A landscaping material, a nutrient-rich soil amendment, and a natural pest deterrent. Who knew the lowly oyster shell was such a boon to the gardener?
Above: The oyster shell works hard in the garden. It is composed mostly of calcium carbonate (95 percent), which means that when mixed into soil (especially when crushed) it provides a slow release of calcium that de-acidifies and helps balance soil pH. It can loosen clays and improve drainage. And, that's just what it does when in the ground.
Above: On top of the ground, oyster shells act as a hardworking hardscape material. Oyster shell paths originated in Colonial times as a result of early-American recycling efforts. Oysters and other shellfish were a primary source of food, and the thrifty settlers put the discarded shells to use as a paving material. Paired with brick, the oyster shell paths in Colonial Williamsburg make a handsome path. Photograph by Stephen Katz via the Virginia-Pilot.
Above: An oyster shell garden courtyard at the Zero George Street Hotel in Charleston.
A great alternative to gravel, crushed oyster shells can be used as a cover material for paths, patios, courtyards, driveways, and even bocce ball courts (the crushed shells don't hold water or imprints from shoes and balls). As shells get walked on or driven over, they break into smaller pieces to create a stable walking or driving surface. Like gravel, oyster shells require periodic replenishment. For large areas, it is wise to purchase bulk crushed oyster shell which can be found at some landscape suppliers (or, surprisingly, mushroom farming suppliers like Myco) and is comparable in cost to crushed stone.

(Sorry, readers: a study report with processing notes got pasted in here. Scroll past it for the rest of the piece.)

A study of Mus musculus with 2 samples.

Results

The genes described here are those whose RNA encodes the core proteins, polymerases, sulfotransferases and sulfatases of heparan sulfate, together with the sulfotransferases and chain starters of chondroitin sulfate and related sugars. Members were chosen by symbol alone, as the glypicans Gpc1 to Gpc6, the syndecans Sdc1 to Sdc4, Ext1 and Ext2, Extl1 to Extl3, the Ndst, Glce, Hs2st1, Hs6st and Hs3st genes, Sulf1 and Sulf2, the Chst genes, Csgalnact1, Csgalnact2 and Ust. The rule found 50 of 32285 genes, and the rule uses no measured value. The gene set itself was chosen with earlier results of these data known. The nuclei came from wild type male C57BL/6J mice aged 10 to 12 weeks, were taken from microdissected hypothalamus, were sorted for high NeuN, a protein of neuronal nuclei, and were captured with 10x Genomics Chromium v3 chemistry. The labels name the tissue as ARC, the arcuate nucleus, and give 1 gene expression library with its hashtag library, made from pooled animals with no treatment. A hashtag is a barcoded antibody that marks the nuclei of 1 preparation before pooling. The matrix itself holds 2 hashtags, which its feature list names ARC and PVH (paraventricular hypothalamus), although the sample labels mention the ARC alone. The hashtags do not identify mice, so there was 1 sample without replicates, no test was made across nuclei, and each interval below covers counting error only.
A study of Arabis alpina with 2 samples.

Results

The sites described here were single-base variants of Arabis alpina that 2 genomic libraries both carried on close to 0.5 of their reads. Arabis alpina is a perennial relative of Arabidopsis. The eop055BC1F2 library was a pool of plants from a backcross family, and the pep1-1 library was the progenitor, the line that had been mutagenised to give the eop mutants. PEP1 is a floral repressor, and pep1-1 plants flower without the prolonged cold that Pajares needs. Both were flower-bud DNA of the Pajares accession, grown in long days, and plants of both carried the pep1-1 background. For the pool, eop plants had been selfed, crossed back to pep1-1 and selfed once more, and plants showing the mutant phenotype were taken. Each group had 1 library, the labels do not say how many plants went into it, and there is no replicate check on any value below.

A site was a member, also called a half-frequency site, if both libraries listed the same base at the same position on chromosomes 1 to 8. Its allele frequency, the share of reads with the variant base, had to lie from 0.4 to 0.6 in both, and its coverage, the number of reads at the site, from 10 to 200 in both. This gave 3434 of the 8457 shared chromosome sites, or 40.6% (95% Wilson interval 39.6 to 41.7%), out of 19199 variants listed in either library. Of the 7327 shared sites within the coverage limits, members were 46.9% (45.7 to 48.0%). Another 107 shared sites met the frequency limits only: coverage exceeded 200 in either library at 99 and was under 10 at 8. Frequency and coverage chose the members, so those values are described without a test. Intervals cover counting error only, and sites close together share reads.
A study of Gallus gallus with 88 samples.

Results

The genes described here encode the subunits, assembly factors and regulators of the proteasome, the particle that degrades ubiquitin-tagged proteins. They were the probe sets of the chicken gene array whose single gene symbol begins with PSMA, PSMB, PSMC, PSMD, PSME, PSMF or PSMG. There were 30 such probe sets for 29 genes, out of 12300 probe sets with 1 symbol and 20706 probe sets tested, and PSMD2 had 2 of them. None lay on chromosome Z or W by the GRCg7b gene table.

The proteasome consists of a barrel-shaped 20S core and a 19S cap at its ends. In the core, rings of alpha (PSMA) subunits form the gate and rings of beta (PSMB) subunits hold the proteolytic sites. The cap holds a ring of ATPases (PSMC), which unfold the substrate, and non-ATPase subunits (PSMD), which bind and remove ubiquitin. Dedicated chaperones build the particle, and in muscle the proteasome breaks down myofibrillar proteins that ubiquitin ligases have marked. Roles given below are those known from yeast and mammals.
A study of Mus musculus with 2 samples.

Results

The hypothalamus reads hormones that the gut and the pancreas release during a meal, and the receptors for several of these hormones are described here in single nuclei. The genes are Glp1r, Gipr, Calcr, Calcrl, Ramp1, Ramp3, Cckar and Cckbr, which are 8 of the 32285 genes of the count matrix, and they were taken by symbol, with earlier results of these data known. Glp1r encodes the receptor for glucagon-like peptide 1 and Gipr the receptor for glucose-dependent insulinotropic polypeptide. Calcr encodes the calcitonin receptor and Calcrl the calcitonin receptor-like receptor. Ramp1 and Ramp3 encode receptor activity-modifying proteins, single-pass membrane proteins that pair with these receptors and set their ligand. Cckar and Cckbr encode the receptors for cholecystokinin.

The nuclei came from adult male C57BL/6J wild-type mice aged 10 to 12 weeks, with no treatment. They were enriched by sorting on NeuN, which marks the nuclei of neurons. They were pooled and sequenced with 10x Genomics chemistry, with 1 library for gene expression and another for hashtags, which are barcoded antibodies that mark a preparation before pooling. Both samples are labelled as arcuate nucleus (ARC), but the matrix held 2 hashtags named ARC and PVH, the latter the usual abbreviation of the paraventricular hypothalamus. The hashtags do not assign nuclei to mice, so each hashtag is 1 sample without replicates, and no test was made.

Above: At Sleepy Hollow Farm in Michigan, the proprietors created a garden path using crushed oyster shells sold as a chicken food calcium supplement in the local feed store. Photograph via Sleepy Hollow Farm Life.
Above: An oyster shell path in a kitchen garden does double duty as a pest repellent. According to the gardeners at White Flower Farm, crushed oyster shell placed in the planting holes under bulbs and other tasty plants will keep small underground pests like moles and voles who don't like the gritty substance from burrowing up and feasting from underneath. The texture of the shells also naturally deters leaf-eating slugs (they won't slither across the rough surface). This was the only chemical-free method that worked in my fight with Pacific Northwest slugs: I tried the beer trick. I ran around with a salt shaker (and closed my eyes). But, it was when we lined our garden beds with crushed shells, that the slug fest came to an end. Image via Garden Cuizine.
Above: Oyster shells help neutralize soil acidity for tomato and vegetable gardens. Mix crushed oyster shells into the soil for container gardening. The coarse texture promotes drainage. Photograph via White Flower Farms.
Above: To use oyster shells as a soil amendment, sprinkle crushed oyster shells in the bottom of planting holes for vegetable and bulbs. Using coarse crushed shells, as opposed to oyster shell flour, provides an even release of calcium throughout the growing season.
Above: The White Flower Farm Potting & Garden Oyster Shell Amendment is $10.99 for the 10-pound bag.